An American Crisis: Who Will Care for the Baby Boomers?

Every day since her husband broke his hip, Beatrice Egger has been afraid. The 91-year-old retired teacher worries when William, 90, a retired principal, is in the shower. She worries when she is helping him get dressed and he unsteadily towers over her. And she worries when he moves from sitting to standing or from room to room. When he falls, which inevitably happens, she can call upon aides at their Issaquah, Wash., retirement home to help get him back up. But they can’t help her all the time. So she stays scared.

If they could afford it, Beatrice and William would hire a home care aide to help during the day. That would give Beatrice a safety net, a pair of younger stronger arms to steady William. They know they’re lucky that their pensions afforded them life in a retirement community, food and some level of care. But they live in fear that William’s next fall will prove fatal and, without his pension, Beatrice might not be able to afford her community; after a lifetime of middle-class jobs, she might be forced into Medicaid.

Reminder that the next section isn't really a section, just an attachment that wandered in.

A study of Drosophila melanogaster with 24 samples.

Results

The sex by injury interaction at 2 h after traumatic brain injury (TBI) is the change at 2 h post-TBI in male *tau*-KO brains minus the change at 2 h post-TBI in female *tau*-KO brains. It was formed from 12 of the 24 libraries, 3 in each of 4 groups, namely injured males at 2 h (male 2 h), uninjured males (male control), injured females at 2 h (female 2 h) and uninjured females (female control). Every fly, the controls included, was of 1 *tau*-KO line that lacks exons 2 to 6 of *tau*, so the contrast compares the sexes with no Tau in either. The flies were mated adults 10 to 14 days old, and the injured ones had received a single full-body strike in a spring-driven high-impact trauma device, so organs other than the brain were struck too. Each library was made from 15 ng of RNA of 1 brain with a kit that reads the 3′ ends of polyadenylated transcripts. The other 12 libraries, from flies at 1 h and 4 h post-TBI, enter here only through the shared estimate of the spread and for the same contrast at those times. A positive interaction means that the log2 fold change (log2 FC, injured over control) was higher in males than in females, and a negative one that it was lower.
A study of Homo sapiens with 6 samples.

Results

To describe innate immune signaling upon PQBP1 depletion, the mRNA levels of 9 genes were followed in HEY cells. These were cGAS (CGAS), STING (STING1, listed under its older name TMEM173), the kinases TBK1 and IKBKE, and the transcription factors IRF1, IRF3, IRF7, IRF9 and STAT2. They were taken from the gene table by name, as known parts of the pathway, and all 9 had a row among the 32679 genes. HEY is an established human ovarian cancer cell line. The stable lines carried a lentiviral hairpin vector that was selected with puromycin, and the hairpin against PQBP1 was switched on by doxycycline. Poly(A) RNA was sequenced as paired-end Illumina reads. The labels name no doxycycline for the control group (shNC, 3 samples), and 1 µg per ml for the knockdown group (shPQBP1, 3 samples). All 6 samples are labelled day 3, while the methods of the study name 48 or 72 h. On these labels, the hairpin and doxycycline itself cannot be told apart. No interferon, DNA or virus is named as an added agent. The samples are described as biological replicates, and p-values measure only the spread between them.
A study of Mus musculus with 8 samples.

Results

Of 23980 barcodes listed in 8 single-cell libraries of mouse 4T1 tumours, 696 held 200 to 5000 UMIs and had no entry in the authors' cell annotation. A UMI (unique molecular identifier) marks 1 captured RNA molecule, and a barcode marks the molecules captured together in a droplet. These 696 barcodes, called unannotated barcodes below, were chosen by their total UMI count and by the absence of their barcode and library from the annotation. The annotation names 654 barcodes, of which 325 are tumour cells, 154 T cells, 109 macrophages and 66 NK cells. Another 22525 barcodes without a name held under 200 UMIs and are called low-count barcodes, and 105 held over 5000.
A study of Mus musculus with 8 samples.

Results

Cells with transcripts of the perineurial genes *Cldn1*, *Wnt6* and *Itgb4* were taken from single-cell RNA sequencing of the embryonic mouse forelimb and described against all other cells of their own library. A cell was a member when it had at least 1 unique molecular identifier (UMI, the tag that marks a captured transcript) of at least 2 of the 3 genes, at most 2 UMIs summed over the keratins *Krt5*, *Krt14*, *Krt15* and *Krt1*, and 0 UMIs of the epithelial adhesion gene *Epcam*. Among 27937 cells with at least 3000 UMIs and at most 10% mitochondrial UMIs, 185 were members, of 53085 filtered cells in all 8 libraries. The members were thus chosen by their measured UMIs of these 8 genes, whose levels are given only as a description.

Beatrice is one of 43 million unpaid caregivers in America, a number poised to spike as the Baby Boomers, who comprise most of the family caregivers now, join the ranks of the oldest old. “Family caregivers make up a silent support army — without them, health and social systems within our aging societies would be absolutely overwhelmed,” says Scott Williams, who oversees Embracing Carers, an international caregiving initiative for pharmaceutical company EMD Serono. The group conducted a survey of unpaid caregivers in 2017, which found that nearly half of family caregivers suffer from depression, and 45% did not have time to book or attend their own medical appointments as a result of their caregiving activities — thus putting caregivers at risk of falling ill and needing caregiving themselves. A 2002 Stanford University study found that 40% of Alzheimer’s and dementia caregivers actually die from stress-related disorders before the one for whom they are caring.